Although the overall rate of cancer deaths is declining in the United States, a cancer diagnosis can have a devastating effect on patients’ finances.
Don’t overlook these resources and steps to take to minimize cancer’s financial impact.
Lean on your care team
Don’t be afraid to speak up to your oncologist, primary care doctor, nurses, case managers and social workers to let them know you are having trouble affording your cancer treatments. They may be able to refer you to support services that can help.
Seek manufacturer assistance
Some drug companies will cover a percentage (or total cost) of medications for people who meet qualifications (usually lower income patients.) Start with the manufacturer’s website, or ask your doctor to help.
Explore local support groups
Many local support groups can help cancer patients directly with funds, or can help indirectly by putting patients in touch with the right people. Check your local Catholic Charities, United Way, Jewish Social Services, Salvation Army, etc.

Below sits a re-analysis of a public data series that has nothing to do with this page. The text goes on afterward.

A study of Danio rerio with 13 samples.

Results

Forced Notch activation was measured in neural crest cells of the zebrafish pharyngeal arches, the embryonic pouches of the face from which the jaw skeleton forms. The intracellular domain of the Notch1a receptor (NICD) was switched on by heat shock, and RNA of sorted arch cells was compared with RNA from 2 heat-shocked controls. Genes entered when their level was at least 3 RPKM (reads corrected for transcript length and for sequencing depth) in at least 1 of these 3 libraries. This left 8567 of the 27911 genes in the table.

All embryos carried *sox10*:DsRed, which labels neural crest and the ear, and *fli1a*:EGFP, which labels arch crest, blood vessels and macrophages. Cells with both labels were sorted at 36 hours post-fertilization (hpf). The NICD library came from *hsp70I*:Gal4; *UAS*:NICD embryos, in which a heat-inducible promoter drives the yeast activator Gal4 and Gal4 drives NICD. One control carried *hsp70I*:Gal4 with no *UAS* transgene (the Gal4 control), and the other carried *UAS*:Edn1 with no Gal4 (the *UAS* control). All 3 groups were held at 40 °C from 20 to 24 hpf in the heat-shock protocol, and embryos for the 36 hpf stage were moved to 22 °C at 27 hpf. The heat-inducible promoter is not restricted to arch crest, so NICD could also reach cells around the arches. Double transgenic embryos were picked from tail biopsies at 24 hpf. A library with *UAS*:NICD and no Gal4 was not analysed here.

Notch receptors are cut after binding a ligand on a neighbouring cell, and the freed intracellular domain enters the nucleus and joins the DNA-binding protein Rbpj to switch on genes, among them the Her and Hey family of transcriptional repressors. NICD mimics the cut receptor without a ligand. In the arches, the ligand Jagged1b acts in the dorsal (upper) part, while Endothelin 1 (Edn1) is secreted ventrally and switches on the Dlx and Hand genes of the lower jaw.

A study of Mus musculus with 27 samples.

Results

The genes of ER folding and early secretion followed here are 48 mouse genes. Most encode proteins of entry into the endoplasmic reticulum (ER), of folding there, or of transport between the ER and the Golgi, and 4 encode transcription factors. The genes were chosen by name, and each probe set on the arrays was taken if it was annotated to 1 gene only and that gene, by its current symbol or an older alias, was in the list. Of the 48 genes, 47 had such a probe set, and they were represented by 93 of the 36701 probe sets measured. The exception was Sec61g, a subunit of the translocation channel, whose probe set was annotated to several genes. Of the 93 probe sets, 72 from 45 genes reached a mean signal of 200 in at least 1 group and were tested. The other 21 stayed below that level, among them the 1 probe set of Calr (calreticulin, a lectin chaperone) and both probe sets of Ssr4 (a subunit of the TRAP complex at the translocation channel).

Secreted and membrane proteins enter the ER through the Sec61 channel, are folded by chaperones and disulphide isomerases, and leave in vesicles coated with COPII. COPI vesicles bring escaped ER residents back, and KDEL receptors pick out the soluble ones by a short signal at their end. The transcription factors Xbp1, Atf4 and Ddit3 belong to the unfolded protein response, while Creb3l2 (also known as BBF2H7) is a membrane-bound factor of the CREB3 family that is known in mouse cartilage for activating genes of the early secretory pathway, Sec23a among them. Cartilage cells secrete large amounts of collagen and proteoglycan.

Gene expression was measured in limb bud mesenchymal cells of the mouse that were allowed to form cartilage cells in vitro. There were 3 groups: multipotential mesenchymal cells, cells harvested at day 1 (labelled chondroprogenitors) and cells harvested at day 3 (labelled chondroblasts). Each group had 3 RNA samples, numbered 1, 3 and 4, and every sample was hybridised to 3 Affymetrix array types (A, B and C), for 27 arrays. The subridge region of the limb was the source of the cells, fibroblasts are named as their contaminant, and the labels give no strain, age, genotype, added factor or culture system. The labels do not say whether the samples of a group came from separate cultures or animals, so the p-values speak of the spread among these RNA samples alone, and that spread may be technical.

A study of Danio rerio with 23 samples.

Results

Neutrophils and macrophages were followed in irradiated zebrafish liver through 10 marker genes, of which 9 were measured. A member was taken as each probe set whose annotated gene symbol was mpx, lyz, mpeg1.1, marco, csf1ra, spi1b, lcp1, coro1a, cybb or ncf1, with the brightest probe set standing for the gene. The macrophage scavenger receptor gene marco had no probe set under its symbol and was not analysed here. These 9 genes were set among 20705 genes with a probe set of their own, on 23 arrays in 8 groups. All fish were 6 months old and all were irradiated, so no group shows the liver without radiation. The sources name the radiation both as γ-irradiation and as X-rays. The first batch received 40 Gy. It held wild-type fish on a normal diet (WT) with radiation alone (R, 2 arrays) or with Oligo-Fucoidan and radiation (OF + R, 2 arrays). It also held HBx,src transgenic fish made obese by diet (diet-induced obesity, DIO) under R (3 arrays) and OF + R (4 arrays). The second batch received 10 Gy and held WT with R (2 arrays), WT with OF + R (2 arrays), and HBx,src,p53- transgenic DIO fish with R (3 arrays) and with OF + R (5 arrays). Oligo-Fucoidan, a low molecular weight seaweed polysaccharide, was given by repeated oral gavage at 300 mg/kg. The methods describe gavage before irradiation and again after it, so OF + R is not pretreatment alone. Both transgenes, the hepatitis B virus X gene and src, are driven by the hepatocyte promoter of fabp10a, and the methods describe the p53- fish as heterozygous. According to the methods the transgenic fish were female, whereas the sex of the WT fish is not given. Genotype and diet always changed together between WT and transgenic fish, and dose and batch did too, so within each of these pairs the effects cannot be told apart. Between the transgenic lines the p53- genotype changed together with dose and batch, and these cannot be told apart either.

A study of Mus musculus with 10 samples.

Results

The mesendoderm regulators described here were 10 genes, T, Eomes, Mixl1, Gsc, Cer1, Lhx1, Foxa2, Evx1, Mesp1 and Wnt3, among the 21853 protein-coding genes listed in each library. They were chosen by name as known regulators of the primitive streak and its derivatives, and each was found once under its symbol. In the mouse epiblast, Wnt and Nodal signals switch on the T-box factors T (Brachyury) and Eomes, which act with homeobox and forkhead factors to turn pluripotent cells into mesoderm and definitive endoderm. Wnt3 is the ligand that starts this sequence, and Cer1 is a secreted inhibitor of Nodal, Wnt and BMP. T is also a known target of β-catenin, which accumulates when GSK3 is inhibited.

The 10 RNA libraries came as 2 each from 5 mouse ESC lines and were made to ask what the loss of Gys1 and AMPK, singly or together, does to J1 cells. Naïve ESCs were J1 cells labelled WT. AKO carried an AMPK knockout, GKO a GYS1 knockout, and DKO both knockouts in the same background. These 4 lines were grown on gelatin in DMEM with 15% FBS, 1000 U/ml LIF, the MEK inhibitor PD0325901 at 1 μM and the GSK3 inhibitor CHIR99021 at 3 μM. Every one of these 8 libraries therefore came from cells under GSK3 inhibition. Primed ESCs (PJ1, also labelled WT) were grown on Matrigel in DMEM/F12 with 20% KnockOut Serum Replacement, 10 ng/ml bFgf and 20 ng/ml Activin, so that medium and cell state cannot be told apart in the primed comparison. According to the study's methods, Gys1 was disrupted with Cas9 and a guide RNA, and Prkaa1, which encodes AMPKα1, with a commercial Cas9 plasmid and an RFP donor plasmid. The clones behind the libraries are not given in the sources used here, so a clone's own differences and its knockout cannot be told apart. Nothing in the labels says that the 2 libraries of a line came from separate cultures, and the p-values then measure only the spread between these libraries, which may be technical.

Take advantage of cancer-related nonprofits
A quick Google search of cancer-related nonprofits is a great way to get started when looking for additional support. Below are just a few:
This is just a small list of nonprofits that can help. For a more comprehensive list, visit Cancer.net.link opens in a new window
Turn to family and friends
It is very common for people trying to pay for cancer treatment turn to family and friends for help. Online fundraisers, social media and community events are all great ways to allow friends and family to show their concern, love and support.
Check your existing supplemental insurance
Private companies sell supplemental insurance designed to help reduce both medical and non-medical costs of expenses related to illness. Some insurance is cancer-specific and others provide benefits for diagnosis of specified illnesses. Purchasing a supplemental insurance for cancer may especially make sense for people who have a strong family history of the disease. However, many insurance companies do not offer cancer –specific supplemental insurance policies to those who have a history of cancer. Coverage and benefits vary for every plan, so be sure to read the fine print and ask lots of questions. If you are diagnosed with cancer, be sure to check your existing supplemental insurance to see if it may provide benefits due to your diagnosis.